Moment in the Sun

By Jason Solomons

Juliette Binoche is a screen animal. She comes alive with the camera, turning on a full-wattage luminescence that is truly dazzling to behold. There are moments during her latest film, Let the Sunshine In, when you need dark glasses to watch her, like when you’re staring at an eclipse even after a professor on BBC News has told you not to.

In a story of romantic shenanigans that unfurls like a sophisticated bedroom farce, Binoche plays Isabelle, a Parisian artist successful on the canvas but less so in love. She’s divorced, with a ten-year-old daughter whom she shares with her ex-husband, and, now in her 50s, she’s also desperate to find a spark of love again.

Isabelle has no trouble finding men. I mean, she’s Juliette Binoche, so it’s hardly going to be a struggle, plus she wears a fetching line in décolleté jumpers and some thigh-length boots which she struggles to get off every night, as if resenting their necessity. This Isabelle is gloriously in charge of her body, but not her fate. And, despite that aforementioned luminosity, which brings the boys like moths to a flame, it’s finding the right man that proves significantly tougher.

When first we see Isabelle, she’s on her back, having sex. By the sound of it, not terribly fulfilling sex, either, and soon the heaving lump on top of her is revealed to be an arrogant, married banker who clearly thinks he’s great, while it’s clear Isabelle’s had enough of him. At the local fishmonger she meets an art-world acquaintance who invites her to his holiday house down in the Lot. A gossip, he lets slip that her new gallerist (Josiane Balasko) might have had an affair with her ex-husband years ago.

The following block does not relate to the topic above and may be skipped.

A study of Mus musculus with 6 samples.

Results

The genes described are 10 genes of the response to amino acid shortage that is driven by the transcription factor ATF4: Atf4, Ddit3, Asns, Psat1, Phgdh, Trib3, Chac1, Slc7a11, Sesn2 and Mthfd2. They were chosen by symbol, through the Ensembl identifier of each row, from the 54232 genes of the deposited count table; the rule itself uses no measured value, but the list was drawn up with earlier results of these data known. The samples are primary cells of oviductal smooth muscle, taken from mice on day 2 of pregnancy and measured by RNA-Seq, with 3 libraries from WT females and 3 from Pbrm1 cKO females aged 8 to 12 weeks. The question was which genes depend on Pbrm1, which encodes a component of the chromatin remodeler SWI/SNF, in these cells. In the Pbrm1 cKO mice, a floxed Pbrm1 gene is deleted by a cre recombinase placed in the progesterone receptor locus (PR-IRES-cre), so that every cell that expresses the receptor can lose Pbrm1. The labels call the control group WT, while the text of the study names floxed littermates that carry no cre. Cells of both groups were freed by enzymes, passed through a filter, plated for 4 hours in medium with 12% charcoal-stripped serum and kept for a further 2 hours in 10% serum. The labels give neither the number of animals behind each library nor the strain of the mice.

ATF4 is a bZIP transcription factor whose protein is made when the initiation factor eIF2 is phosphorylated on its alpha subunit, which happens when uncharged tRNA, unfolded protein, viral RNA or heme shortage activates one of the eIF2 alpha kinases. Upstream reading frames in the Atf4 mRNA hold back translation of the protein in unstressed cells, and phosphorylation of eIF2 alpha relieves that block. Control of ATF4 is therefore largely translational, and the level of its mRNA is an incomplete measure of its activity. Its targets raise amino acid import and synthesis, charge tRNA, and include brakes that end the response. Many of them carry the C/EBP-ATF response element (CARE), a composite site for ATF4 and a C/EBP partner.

And on it goes. Next, Isabelle’s with a whining, drunken actor a few years her junior. I think she likes him and the sex is great. She beams with added glow after he spends the night with her. But he, too, will let her down. Her group show exhibition is a bit of a nightmare, a confusion of ex-lovers, suitors and prospective clients. Even when she takes the fish guy up on his offer of a weekend away, the entourage of art lovers and bourgeois conversation inspires a bit of a meltdown.

‘What do you do when you’re not in love?’ wonders one man. He may be right. Isabelle never seems to give up. Even after that outburst in the country, she can’t avoid a new hope when a rakish smoothie sidles up to her on the dance floor of a provincial night club and twirls her around to Etta James’s bluesy anthem At Last. And hold on, there’s still a big finale to come involving... Gérard Depardieu, of all people.

Like Céline Dion in that dreadful song, her heart will go on. And Isabelle knows it. ‘I’m a bit obsessed by my emotional relationships,’ she admits. And we veer from pity to admiration. Why shouldn’t she be happy? But, hang on a minute, is this really the way to go about it? It seems obvious to me that she’s so much better than these pompous, posing Frenchmen. Then again, I think that about most French women. It’s why they’re so thin, whittled down by a combination of cigarettes and having to listen to their menfolk spouting pseudo-philosophical merde.

Let the Sunshine In is directed and co-written by Claire Denis, who’s one of the finest female filmmakers of recent decades. This is her take on a rom-com, I suppose, in that it’s only a bit romantic and not particularly comic, at least not in a Love Actually way. It’s more vague, and impressionistic, and very, very talky – these men are so afraid of the heart that they’d rather intellectualise their way through life.
Not Isabelle. Not Binoche. She just keeps hoping, beaming and letting that sunshine in.